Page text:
A Mosque in the Medina Quarter of Marrakech After a Devastating Earthquake Struck the Area

    On September 8th, a devastating earthquake struck central Morocco. The quake began in the Atlas Mountains, and affected areas as far away as Casablanca. More than 2,900 people were killed, and over 5,000 were injured following the earthquake and residual aftershocks.

    According to the United States Geological Survey, the earthquake began at exactly 11:11 PM local time. The origin, or epicenter, of the earthquake was in the High Atlas Mountain Range. It was recorded as a 6.8 on the Richter scale, which measures the intensity of earthquakes on a scale from one to nine.

    Residents of the city of Marrakech, one of the oldest and largest cities in Morocco, immediately felt the ground beneath them begin to violently shake. Marrakech has a long and storied past. Having been founded nearly 1,000 years ago, it has grown to become one of the busiest cities in northern Africa.

    In the more modern sections of the city, the damage was largely manageable. Most of the buildings were luckily left intact, and some businesses were even able to operate the next day. Unfortunately, in the oldest section of the city, known as the Medina Quarter, the damage was considerable. Many buildings in this area of the city were centuries old, and made out of materials unsuited for such a devastating seismic event. Some tall structures, like a mosque at the center of the Medina Quarter, were toppled by the quake, while others were simply reduced to rubble, leaving many trapped underneath. Even the iconic red walls surrounding the ancient inner city, which have stood for countless centuries, were damaged, with some sections cracking or even collapsing entirely.

    The damage was far worse in rural areas outside of the major cities, where buildings made of unreinforced brick were totally incapable of withstanding the intense forces created by the quake. It was in these small towns and villages where the majority of deaths occurred, with some towns reporting a fatality rate as high as 50%. Many towns were completely demolished, with few or none of the buildings surviving.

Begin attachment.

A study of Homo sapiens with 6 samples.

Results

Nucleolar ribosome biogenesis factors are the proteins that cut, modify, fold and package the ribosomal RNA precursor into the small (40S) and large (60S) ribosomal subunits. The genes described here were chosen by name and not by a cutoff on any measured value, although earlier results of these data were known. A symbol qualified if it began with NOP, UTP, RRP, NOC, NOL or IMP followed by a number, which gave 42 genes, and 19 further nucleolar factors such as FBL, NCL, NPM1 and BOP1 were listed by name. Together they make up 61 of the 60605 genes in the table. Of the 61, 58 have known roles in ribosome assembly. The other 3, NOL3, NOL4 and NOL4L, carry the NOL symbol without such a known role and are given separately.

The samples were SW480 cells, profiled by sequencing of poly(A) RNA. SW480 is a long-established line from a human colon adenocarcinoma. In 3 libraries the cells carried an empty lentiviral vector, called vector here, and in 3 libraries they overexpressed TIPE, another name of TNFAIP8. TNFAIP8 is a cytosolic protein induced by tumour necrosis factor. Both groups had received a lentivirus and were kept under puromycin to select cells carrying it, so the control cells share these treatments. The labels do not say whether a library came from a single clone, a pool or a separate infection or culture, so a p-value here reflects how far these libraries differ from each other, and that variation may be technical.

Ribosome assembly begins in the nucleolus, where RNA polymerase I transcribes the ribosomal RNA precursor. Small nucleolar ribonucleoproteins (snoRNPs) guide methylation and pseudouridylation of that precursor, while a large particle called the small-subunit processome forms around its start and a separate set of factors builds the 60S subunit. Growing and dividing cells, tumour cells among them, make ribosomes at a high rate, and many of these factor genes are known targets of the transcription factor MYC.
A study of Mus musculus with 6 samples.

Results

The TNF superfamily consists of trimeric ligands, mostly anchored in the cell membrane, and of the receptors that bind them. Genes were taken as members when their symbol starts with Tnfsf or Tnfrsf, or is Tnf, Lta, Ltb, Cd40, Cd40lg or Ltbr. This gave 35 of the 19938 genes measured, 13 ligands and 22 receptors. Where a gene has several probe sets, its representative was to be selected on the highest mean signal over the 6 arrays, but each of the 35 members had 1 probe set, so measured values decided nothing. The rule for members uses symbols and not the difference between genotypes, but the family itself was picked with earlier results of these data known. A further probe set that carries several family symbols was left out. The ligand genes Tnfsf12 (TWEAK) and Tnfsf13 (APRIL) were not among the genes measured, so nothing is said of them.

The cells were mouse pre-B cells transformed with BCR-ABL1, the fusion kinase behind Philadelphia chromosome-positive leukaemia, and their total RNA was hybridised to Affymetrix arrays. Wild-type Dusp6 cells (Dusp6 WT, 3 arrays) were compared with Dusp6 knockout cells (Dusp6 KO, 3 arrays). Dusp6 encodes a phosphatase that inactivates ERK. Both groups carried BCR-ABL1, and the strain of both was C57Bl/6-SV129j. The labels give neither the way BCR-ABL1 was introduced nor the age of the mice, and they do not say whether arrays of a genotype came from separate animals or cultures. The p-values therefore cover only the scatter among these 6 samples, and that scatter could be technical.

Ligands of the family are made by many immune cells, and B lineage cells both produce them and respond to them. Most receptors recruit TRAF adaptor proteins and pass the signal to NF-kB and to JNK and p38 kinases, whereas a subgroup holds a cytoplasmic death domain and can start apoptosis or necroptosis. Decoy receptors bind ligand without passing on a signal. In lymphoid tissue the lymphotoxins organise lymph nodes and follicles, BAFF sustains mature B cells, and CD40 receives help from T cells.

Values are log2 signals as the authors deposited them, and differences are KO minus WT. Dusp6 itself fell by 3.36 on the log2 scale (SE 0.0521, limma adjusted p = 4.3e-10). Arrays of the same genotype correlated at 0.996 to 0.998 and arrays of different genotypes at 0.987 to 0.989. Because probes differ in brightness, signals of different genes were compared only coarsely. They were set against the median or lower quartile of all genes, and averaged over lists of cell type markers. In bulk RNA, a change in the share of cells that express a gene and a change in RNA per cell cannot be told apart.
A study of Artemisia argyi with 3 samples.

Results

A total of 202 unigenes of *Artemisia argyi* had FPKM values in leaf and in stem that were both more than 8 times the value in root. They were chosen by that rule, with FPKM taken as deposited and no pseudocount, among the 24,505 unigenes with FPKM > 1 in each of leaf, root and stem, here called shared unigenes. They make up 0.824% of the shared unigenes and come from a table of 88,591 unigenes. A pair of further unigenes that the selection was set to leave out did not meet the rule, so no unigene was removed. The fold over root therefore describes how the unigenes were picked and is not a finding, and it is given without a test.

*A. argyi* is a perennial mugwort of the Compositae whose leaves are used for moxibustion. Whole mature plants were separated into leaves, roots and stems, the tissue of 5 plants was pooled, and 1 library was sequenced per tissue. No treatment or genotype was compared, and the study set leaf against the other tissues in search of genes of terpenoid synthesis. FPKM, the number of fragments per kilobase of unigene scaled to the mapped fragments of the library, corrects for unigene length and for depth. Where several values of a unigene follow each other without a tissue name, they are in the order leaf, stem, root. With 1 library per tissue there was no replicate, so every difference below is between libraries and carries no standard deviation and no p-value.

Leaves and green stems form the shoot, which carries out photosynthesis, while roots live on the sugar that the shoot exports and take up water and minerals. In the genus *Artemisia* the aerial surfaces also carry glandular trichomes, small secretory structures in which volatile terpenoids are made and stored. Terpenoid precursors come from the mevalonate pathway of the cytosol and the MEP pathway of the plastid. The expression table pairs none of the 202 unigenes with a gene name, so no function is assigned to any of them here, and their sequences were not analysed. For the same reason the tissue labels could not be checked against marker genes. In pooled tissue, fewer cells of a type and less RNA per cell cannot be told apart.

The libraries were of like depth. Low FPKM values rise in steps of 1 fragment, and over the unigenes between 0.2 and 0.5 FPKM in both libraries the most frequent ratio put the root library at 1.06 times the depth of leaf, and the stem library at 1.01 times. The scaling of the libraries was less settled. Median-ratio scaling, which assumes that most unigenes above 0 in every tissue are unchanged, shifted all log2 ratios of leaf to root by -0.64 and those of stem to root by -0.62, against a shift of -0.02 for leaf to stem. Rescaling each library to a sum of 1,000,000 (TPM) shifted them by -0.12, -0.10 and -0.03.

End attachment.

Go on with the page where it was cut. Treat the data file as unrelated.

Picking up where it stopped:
As it happens, Sam Barlow’s very own Amanda Gibson, who teaches art, recently took a vacation to Morocco. Luckily she left two weeks before the earthquake, but she has a unique perspective to add to the situation. Gibson took the trip to experience the culture of Morocco. “…the cobble streets, the old adobe structures, the carpet weaving, I was like: I just want to wander around town.” Gibson saw much of the culture while she was there, taking in the sights at Casablanca, Marrakech, and the Agafay desert.

    When asked about the earthquake, she says she can really sympathize, saying, “Having that connection, even rather superficially, to something big that’s happened, is kinda crazy.” 

    Gibson, through her trip, knows firsthand the people and places affected. It has given her a much more intimate understanding of this tragedy than most. If there’s a lesson we can all take away from this, it’s that “…the people across the world are people.”

    Jacob Hallberg, Assistant Editor-in-Chief

    My name is Jacob, I’m a Junior and this is my second year on the Banner. Outside of school, I enjoy reading, writing, and watching movies.